ABC board members have criticised sacked managing director Michelle Guthrie's demand to return to the role in her lawsuit filed against the broadcaster.

Ms Guthrie's push to be reinstated has been described by multiple board members as "legal tactics" and "completely unworkable", according to the Sydney Morning Herald.

The ex-managing director, who was fired in September halfway through her five-year-term, has launched legal action against the ABC in the Federal Court, also naming former chairman Justin Milne and three current board directors as defendants.

In her application on December 20, Ms Guthrie claimed she was unfairly dismissed, and her firing was "invalid".

But the ABC will defend itself as the termination was lawful, according to a spokeswoman for the broadcaster.

"Ms Guthrie was dismissed because the board had lost confidence in her. She was not dismissed because of any complaints she'd made," the spokeswoman said in a statement.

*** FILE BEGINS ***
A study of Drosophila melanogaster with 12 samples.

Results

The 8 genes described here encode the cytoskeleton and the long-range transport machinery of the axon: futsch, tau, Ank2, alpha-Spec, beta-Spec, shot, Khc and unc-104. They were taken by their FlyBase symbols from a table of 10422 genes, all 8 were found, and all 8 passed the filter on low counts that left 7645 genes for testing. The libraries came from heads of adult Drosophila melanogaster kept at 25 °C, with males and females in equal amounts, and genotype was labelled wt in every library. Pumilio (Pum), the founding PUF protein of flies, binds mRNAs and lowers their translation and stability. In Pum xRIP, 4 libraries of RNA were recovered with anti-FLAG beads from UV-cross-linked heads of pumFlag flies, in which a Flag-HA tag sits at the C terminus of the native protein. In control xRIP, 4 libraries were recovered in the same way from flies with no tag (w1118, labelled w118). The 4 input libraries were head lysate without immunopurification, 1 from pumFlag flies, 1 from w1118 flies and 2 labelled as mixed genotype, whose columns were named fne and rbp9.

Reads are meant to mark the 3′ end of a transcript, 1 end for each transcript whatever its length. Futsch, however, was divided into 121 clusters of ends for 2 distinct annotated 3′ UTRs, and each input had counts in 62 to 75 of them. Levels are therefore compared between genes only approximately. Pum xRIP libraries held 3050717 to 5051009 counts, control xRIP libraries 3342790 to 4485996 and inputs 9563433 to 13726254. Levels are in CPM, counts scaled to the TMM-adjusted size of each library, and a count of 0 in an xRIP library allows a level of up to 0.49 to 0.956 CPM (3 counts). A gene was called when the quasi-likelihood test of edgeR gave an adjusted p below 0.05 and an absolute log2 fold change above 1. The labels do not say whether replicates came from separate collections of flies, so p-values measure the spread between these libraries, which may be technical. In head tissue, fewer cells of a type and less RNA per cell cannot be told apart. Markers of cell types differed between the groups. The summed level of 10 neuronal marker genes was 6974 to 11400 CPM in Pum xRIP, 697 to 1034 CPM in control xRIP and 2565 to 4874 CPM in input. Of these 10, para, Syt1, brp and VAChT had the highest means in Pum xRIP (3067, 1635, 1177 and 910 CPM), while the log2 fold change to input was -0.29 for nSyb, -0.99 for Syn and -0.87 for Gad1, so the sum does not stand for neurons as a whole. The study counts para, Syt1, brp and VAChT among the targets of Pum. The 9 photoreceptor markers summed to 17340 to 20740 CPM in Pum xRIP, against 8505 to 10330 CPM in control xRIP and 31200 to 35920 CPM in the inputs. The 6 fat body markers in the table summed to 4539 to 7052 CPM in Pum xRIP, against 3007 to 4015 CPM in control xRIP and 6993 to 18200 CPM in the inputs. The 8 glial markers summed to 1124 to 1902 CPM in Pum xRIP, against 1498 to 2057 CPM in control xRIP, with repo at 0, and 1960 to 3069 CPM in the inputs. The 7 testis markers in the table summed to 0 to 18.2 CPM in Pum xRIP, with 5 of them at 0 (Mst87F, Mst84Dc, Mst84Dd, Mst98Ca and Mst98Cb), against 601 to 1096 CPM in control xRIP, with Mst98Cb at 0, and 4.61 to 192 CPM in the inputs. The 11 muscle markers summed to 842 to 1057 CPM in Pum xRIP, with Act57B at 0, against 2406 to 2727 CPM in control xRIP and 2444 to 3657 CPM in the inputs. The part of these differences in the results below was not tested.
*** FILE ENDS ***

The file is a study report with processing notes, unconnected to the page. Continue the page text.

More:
Ms Guthrie alleged she was fired because of complaints against ex-chairman Mr Milne, who resigned two days after her firing amid allegations he had asked her to sack two journalists because the federal government didn't like their reporting.

Mr Milne has also been accused of touching Ms Guthrie inappropriately at a board meeting last year, but he has previously denied all allegations against him.

As part of the lawsuit, Ms Guthrie has sought 14 orders from the Federal Court, including declarations that board members Donny Walford, Joseph Gersh and Vanessa Guthrie had been involved in the ABC's contravention of the Fair Work Act.

The former News Corp executive has also sought the payment of damages, compensation and penalties, along with her reinstatement as managing director and an order requiring the ABC take "all steps to ensure that the applicant be able to fulfil the roles and duties of her appointment ... for the remainder of the term".

The matter is set to be heard in court on February 5.

The September sacking followed ongoing internal tensions, which quickly became a public stoush in the following months as employees voiced their concerns over management.

A Senate inquiry into allegations of political interference was also launched, and is set to report its findings by March 29.

Communications minister Senator Mitch Fifield has declined to comment on the lawsuit.